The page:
Metro LRT Line will finally open Sept. 6
The $700-million line to NAIT is now more than 15 months behind schedule
The Metro LRT line to NAIT will finally open for service on Sept. 6.
City transportation manager Dorian Wandzura announced the trains will operate at 25 km/hr to allow operators to use a "line of sight" style of operation
Wandzura said lower speeds will allow LRT operators to stop the train "in half of their field of distance."
Wandzura said guard rails will go down at crossings.
"The line is safe," he said. Operators will start their training on Monday.
Wandzura wasn't able to say when the system would be at full capacity. The city will have to add an extra train to the line which will increase costs. Every third train coming from Century Park station will be diverted to NAIT. This will mean a 17 per cent loss of capacity from Churchill station north to Clareview station.
Mayor Don Iveson has long expressed frustration over the ongoing delays. He reacted somewhat tepidly to Friday's announcement.
"No cause for celebration yet," he said on Twitter. "Only when it's fully operational and yegcc's [Edmonton city council has] got to the bottom of why it was delayed."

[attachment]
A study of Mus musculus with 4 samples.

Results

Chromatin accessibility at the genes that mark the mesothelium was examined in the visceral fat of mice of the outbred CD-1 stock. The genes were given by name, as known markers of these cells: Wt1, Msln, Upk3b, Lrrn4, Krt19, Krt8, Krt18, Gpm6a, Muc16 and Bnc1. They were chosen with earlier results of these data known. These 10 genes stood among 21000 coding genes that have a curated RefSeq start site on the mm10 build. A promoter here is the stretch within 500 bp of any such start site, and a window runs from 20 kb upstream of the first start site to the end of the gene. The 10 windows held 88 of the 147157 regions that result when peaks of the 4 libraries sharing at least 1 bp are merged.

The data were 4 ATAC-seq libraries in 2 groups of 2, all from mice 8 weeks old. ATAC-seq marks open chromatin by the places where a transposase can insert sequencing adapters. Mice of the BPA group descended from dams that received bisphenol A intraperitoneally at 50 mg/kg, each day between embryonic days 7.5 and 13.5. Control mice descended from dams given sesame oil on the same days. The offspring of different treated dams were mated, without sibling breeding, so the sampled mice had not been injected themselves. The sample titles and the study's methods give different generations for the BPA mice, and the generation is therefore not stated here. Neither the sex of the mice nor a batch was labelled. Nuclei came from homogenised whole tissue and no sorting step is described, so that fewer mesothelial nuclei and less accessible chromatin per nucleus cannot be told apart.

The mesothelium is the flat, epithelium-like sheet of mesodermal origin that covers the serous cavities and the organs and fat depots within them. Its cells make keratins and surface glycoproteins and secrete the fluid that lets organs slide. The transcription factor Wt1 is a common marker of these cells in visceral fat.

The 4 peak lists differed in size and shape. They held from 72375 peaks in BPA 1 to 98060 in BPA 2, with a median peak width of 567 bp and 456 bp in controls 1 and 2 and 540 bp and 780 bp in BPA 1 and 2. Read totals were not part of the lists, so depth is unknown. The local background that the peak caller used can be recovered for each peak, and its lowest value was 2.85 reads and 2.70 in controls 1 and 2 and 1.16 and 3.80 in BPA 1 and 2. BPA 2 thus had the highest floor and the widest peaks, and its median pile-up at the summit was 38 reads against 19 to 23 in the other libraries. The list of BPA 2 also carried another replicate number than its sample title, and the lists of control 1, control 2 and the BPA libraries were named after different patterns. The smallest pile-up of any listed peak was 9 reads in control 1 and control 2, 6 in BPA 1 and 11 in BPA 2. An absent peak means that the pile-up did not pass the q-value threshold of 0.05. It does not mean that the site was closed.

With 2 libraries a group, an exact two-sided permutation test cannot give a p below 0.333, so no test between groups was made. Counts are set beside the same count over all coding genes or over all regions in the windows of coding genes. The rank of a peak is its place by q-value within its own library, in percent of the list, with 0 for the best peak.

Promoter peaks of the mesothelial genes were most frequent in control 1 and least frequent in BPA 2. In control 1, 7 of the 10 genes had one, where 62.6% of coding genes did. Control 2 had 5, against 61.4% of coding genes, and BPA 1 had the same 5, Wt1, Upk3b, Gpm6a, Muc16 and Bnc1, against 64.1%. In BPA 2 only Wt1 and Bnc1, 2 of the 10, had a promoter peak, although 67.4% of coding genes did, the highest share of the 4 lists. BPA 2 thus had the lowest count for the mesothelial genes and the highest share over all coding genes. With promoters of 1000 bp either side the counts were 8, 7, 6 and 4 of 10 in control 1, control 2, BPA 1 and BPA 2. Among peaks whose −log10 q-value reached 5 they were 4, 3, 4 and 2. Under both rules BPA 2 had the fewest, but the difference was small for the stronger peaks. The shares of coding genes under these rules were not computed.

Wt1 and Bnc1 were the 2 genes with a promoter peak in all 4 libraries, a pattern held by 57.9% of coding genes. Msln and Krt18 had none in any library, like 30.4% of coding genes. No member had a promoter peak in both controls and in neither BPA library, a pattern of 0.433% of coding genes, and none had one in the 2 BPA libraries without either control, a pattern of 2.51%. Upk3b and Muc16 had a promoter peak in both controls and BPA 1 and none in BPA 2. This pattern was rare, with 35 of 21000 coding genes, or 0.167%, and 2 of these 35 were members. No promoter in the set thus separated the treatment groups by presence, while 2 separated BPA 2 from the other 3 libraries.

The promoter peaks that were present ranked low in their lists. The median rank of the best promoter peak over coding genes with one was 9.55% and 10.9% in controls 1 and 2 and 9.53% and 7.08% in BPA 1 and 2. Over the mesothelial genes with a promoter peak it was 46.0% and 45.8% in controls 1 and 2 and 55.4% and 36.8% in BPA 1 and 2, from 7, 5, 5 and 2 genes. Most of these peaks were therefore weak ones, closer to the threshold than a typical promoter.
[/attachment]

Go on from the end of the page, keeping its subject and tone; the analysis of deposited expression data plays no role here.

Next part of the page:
No cause for celebration yet - only when it's fully operational and yegcc's got to the bottom of why it was delayed. <a href="https://t.co/QSdgvzJIL8">https://t.co/QSdgvzJIL8</a>—@doniveson
Coun. Ben Henderson said council wanted the line open for the start of the school year at NAIT and MacEwan University so he was pleased a solution was found.
Justin Nand, president of the student association at NAIT, didn't expect the line to open this fall.
"I was a little surprised but very happy and very enthusiastic to have LRT running to some capacity now in September for the students to use," he said.
Nand isn't concerned about the slower trains. He said taking just one train to school is better than having to transfer to a bus even if it makes the trip a little longer.
Owners of businesses around Kingsway Mall are also relieved. Construction on the line has caused traffic congestion and parking problems.
"Parking has been an issue for some of our businesses with students from NAIT and maybe people using the hospital and other facilities," said Ellie Sasseville, executive director of the Kingsway District Association.
"So obviously the access will hopefully eliminate some of that issue for many of the businesses in the area. So we're looking forward to that."
The Metro Line was supposed to open in the spring of 2014. Problems with integrating the new and old signalling systems delayed the opening of the $700-million line.
Thales had the contract to design and build the line. The company gave the city a safety certificate in March. However, after performing a review, the city held back on putting the line in service.